General Social Surveys, 1972-2002 [Cumulative File] (ICPSR 3728)
Principal Investigator(s): Davis, James A., National Opinion Research Center; Smith, Tom W., National Opinion Research Center; Marsden, Peter V., Harvard University
Summary: The General Social Surveys (GSS) are designed as part of a program of social indicator research, replicating questionnaire items and wording in order to facilitate time-trend studies. This collection is a cumulative dataset that merges all data collected as part of the General Social Surveys from 1972 to the present. Among the new items added for the 2002 surveys are topical modules on prejudice, doctors and patients, quality of working life, employee compensation, altruism, adult transit... (more info)
Series: General Social Survey Series
This data collection has been deaccessioned; it is no longer distributed by ICPSR.
Persistent URL: http://dx.doi.org/10.3886/ICPSR03728.v2
This survey was funded by:
- National Science Foundation (SBR-96-17727)
Scope of Study
Summary: The General Social Surveys (GSS) are designed as part of a program of social indicator research, replicating questionnaire items and wording in order to facilitate time-trend studies. This collection is a cumulative dataset that merges all data collected as part of the General Social Surveys from 1972 to the present. Among the new items added for the 2002 surveys are topical modules on prejudice, doctors and patients, quality of working life, employee compensation, altruism, adult transitions, and mental health. Also included are crossnational modules, conducted under the aegis of the International Social Survey Program (ISSP), on the role of government, social support and equality, family and gender, national identity, religion, the environment, and work.
Subject Terms: abortion, civil rights, community participation, compensation, environmental attitudes, ethnicity, families, family life, feminism, freedom, gender roles, government programs, health status, human rights, information literacy, information systems, life cycle, mental health, military strength, morale, morality, national identity, occupational status, occupations, patients, physicians, political participation, politics, poverty, prejudice, race relations, racial attitudes, religion, sexual behavior, social attitudes, social control, social indicators, social inequality, social issues, social justice, social mobility, social networks, social services, social values, socioeconomic status, wages and salaries, work, work attitudes
Smallest Geographic Unit: size of place within Census region
Geographic Coverage: United States
Universe: All noninstitutionalized English-speaking persons 18 years of age or older, living in the United States.
Data Types: survey data
Data Collection Notes:
(1) In 1994, two major innovations were introduced into the GSS, and they have been carried forward to subsequent years. First, the traditional core set of questions was substantially reduced to allow for the creation of mini-modules (small- to medium-sized supplements). The mini-modules permit greater flexibility to incorporate innovations and to include important items proposed by the social science community. Second, a new biennial, split-sample design was instituted, consisting of two parallel subsamples of approximately 1,500 cases each, with identical cores and different topical ISSP modules. In effect, the two samples can be viewed as representing the traditional GSS for two consecutive years, although they are fielded together. (2) The machine-readable codebook that ICPSR distributes contains corrected column locations for the following variables: CONSCHLS, CARRIGHT, CARDO, NUMMEN, RELATSEX, VISITORS, RELHH1, and those from HOWFREE (Q. 823) through SECOPIN (Q. 871). (3) The codebook and appendices are provided by ICPSR as Portable Document Format (PDF) files. The PDF file format was developed by Adobe Systems Incorporated and can be accessed using PDF reader software, such as the Adobe Acrobat Reader. Information on how to obtain a copy of the Acrobat Reader is provided on the ICPSR Web site. (4) Hardcopy codebooks, as well as a CD-ROM containing PDF versions of the codebook and data collection instruments, are also available for purchase from the Roper Center for Public Opinion Research at the University of Connecticut.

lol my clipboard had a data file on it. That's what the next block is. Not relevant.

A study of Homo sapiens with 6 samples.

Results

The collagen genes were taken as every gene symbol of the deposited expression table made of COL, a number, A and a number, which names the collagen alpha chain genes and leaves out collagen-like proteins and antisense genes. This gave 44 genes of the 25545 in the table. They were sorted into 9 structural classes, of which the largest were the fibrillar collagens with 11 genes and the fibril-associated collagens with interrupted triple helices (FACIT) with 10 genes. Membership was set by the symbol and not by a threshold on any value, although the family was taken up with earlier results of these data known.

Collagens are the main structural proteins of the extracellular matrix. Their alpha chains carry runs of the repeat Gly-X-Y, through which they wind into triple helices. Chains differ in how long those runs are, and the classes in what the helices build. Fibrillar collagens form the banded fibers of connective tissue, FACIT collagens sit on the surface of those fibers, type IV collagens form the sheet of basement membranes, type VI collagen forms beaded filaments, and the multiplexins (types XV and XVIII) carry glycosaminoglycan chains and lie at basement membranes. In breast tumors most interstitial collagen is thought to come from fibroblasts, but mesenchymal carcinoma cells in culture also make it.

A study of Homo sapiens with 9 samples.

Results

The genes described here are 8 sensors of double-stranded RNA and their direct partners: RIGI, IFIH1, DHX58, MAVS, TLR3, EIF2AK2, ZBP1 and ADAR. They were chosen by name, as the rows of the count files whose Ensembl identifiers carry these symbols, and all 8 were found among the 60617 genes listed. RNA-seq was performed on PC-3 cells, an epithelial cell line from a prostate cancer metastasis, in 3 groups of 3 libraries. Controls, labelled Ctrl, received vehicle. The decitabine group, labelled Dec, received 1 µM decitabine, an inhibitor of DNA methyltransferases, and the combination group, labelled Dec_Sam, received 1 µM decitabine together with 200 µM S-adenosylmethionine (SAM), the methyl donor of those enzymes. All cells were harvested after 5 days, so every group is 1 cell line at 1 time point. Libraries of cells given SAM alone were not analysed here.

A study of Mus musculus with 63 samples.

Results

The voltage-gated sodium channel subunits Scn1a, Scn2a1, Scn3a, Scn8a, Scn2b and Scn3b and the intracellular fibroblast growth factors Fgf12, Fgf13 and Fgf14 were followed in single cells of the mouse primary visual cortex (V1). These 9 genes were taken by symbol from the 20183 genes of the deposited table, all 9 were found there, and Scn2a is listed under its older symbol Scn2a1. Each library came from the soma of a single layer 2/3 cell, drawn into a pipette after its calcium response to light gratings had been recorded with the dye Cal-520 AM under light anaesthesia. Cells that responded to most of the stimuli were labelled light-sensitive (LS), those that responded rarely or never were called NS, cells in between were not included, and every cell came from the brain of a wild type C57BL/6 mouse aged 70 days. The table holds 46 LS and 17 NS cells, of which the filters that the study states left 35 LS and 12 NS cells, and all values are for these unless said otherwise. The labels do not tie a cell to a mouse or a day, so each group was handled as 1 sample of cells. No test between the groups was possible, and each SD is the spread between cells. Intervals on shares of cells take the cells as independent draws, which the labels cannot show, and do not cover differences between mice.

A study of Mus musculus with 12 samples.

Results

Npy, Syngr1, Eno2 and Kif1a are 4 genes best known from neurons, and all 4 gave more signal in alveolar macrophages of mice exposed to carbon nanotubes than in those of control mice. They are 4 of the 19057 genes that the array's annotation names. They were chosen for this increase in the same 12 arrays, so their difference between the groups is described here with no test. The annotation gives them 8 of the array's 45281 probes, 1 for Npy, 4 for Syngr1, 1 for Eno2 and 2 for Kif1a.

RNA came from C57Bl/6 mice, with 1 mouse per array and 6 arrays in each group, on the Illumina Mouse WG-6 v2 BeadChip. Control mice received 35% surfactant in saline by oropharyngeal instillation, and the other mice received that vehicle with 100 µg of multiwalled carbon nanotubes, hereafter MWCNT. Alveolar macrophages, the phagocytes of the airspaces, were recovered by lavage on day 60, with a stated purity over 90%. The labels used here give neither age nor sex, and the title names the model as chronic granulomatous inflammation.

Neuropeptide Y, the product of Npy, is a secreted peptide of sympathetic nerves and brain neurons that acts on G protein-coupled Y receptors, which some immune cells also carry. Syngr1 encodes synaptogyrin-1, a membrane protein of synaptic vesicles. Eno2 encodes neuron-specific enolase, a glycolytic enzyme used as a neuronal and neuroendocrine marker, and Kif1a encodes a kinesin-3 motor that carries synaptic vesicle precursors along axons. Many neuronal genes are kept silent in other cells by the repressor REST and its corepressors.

Sample: National Opinion Research Center national probability sample. Block quota sampling was used in 1972-1974 and for half of the 1975 and 1976 surveys. Full probability sampling was employed in 1977, 1978, 1980, 1982-1991, 1993-1994, 1996, 1998, 2000, 2002, and in half of the 1975 and 1976 surveys.
Original ICPSR Release: 2003-04-25
- 2003-10-01 The data producer has added several new variables, further edited data, and modified some variables. Variables added include CANINF1-16, FREEMNS1-3, and FREEEXP1-3 for 2000 and NATSCI, CHLDPRB, CHLDHLP, and ADHDKNW for 2002. Many of these are open-ended variables with codes that were unavailable for the first release. Some updated variables, which were omitted from earlier cumulative files, have been included. These variables are IMMECON for 1994, PAYOWNER and GIVOWNER for 2000, HHTYPE, HHTYPE1, FAMGEN, and RPLACE for both 2000 and 2002, and HISPANIC and REALINC for 2002. REALINC, family income in constant dollars for 2002, is included while REALRINC, respondent's earned income in constant dollars for 2002, is not. Initially REALRINC for 2002 was also created by applying the method that has been traditionally used in the GSS. However, the method used to produce a value for the upper unbounded category of the variable proved to be unreliable in 2002. As a result, REALRINC for 2002 is omitted from the GSS cumulative data until a satisfactory solution is found. Finally, miscoded values were corrected for some variables. The documentation and SPSS data definition statements were updated to reflect these changes.